Pundits suggested that the faceoff with mining companies over tax payments and drastic changes in the mining legislations and practices indicated that Tanzania’s mining sector was on a cliff edge with some analysists suggesting that perhaps it was headed for the unknown. With the latest reports, it is evident that the government is wining some dividends.

Figure 1: The Permanent Secretary for the Ministry of Minerals Prof. Msanjila opens a Mineral trading Centre in Chunya, Southern Tanzania

According to the Bank of Tanzania (BoT) monthly economic review report indicates that value of Gold exports which accounted for more than half of nontraditional exports in March of 2019 grew by 9.8% to USD 1,684.6million.

The report adds that the value of Gold and diamond produced by large scale miners was USD325.9Mln in quarter ending March 2019, compared to USD324 mln recorded in the corresponding quarter in 2018. Production of gold increased by 7.8% to 10,063.4 kilograms quarter -on-quarter, while that of diamond rose by 18.2%

Foreign receipts from services which accounts for 47.8% of exports of goods and services increased to USD4,085.3million in the year ending march 2019 from USD 3,823.6Mln in the corresponding period in 2018. This was largely driven by travel and transport receipts.

The value of goods and services exported in the year ending March, 2019 increased to USD 8,544.5 Mln from USD 8,488.2Mln in the corresponding year period of 2018 owing to an increase in nontraditional goods, exports which accounts for 78.0% of goods exports and 40.7% of total exports.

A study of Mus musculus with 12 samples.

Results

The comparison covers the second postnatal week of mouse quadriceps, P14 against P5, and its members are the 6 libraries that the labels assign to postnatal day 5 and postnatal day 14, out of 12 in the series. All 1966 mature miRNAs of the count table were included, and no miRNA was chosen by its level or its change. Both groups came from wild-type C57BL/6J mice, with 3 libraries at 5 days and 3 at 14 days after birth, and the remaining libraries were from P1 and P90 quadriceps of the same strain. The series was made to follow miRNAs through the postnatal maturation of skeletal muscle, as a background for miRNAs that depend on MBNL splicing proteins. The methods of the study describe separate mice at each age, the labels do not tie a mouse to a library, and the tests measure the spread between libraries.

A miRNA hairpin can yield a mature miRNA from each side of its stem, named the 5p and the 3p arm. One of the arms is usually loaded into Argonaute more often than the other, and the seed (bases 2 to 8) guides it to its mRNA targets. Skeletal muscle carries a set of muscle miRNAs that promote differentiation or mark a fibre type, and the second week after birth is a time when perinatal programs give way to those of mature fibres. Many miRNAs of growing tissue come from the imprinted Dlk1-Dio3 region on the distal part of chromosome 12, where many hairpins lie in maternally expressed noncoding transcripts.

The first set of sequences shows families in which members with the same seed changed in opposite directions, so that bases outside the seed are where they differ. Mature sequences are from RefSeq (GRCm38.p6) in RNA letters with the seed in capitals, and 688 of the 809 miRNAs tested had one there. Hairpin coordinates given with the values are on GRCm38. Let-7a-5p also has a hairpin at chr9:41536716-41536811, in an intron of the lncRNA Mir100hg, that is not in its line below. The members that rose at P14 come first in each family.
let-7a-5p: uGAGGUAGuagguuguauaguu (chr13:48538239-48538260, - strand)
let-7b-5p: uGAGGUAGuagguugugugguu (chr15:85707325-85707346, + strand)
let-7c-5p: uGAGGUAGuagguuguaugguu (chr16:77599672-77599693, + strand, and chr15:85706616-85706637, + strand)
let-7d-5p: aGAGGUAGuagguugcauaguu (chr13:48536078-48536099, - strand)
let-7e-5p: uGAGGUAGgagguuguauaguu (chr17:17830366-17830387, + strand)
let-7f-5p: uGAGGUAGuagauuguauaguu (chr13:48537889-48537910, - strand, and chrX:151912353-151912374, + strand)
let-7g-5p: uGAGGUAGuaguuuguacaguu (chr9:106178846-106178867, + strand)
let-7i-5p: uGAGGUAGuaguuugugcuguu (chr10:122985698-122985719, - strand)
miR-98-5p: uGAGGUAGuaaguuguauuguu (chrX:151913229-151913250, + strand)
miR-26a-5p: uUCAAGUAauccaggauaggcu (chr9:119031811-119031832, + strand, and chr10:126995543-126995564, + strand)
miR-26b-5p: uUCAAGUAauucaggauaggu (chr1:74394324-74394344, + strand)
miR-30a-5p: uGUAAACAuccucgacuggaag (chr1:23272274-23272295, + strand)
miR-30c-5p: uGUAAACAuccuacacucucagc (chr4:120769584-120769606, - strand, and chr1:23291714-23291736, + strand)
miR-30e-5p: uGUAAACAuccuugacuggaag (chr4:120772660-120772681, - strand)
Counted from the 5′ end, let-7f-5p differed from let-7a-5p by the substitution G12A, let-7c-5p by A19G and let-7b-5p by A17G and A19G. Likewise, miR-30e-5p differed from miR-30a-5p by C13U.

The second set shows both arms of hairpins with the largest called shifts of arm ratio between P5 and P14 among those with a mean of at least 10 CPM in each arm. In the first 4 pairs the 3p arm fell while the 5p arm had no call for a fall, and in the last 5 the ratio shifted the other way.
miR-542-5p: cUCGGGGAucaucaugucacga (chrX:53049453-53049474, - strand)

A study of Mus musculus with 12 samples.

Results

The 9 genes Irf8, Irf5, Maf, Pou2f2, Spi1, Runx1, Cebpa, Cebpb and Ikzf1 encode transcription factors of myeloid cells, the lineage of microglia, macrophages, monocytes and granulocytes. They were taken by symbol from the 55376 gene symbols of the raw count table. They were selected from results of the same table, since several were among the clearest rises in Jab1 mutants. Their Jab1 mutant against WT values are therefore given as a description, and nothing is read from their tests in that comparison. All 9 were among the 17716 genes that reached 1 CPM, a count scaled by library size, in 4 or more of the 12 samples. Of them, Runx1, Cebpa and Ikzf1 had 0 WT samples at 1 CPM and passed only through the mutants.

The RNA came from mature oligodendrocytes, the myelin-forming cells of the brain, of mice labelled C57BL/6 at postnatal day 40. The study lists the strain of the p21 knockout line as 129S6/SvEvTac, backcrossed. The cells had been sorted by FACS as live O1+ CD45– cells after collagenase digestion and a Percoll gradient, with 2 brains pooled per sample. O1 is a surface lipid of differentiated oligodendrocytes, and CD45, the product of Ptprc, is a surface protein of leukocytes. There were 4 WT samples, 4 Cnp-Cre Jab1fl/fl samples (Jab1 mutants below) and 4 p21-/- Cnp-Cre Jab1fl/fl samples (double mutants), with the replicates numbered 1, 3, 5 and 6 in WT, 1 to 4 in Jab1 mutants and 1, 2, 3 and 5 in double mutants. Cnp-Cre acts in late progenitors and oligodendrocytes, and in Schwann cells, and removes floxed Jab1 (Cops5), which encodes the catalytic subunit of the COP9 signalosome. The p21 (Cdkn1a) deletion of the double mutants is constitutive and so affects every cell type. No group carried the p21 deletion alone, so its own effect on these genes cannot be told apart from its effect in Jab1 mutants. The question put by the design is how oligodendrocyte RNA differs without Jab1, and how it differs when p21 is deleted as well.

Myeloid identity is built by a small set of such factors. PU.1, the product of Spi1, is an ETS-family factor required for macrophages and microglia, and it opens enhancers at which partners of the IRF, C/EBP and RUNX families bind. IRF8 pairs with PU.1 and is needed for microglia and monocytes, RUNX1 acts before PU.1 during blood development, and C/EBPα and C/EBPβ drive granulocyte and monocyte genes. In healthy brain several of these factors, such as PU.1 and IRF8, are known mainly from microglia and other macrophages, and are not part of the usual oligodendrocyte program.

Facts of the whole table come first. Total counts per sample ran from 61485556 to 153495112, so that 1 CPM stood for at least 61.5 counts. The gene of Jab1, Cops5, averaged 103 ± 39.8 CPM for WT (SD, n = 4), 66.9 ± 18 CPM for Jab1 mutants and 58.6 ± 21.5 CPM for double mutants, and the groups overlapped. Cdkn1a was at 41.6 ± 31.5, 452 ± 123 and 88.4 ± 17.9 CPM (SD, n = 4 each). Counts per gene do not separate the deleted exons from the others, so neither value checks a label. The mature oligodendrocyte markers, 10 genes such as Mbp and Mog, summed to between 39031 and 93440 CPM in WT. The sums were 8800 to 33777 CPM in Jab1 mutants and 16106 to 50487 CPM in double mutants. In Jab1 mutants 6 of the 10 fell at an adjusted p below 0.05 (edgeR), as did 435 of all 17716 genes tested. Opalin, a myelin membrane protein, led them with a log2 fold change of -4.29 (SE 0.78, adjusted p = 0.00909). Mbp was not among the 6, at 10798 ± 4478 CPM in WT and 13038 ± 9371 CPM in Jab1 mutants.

The central bank reported that gold exports in 2018 was worth USD 1,549 bln compared to USD1,541 bln recorded in 2017.

These central bank reports show an increase despite the standoff between the government of Tanzania and mining companies such as Accacia-Barrick Gold Company for non-tax payment. This led to a government seizure and ban on export of Acacia’s gold concentrates forcing the company into financial and operational turbulence. Accacia has since scaled back and closed some of its mining operations in Tanzania.

The government move left mining companies and stakeholders guessing what would befall the sector. Since the standoff, many major mining investment decisions in the country’s lucrative mining, oil and gas sectors have stagnated.

Companies complained that the new laws passed in 2017 were onerous, costly and bad business which included hiking of taxes on Mineral exports and mandatory requirement for a higher government stake in all mineral operations.

Recently, the government established mining trading centers where gold miners can sell their gold to the government. In early 2019, the Prime Minister gave the Ministry of Minerals six months to establish government controlled mineral trading centres in all major mineral producing areas of Tanzania.

The first mineral trading center was inaugurated by the Prime Minister in the North Western town of Geita in March, 2019, close to the biggest Gold mine owned by South Africa’s Anglo Gold Ashanti. Since then similar mineral trading centers have been opened in Chunya, Tabora and Kyerwa.

The government said these efforts were aimed at accelerating efforts to curb illegal exports of gold and other processing minerals. The trading centers will give small scale miners direct access to a formal regulated market where by they can go directly and trade their gold. They currently struggle to access formal gold dealers who mostly based in the capital, Dar es Salaam and major towns, the government affirmed.

According to Reuters, Tanzania is Africa’s 4th biggest gold producer after South Africa, Ghana and Mali and gold exports are key sources of foreign exchange.

Small scale mines produce around 20 tons of gold per year in Tanzania but an estimated 90% of the output is illegally exported according to a parliamentary committee report.

These reports suggest that perhaps the recent government moves have reduced on smuggling gold to the neighboring Countries and this perhaps explains the increased sale.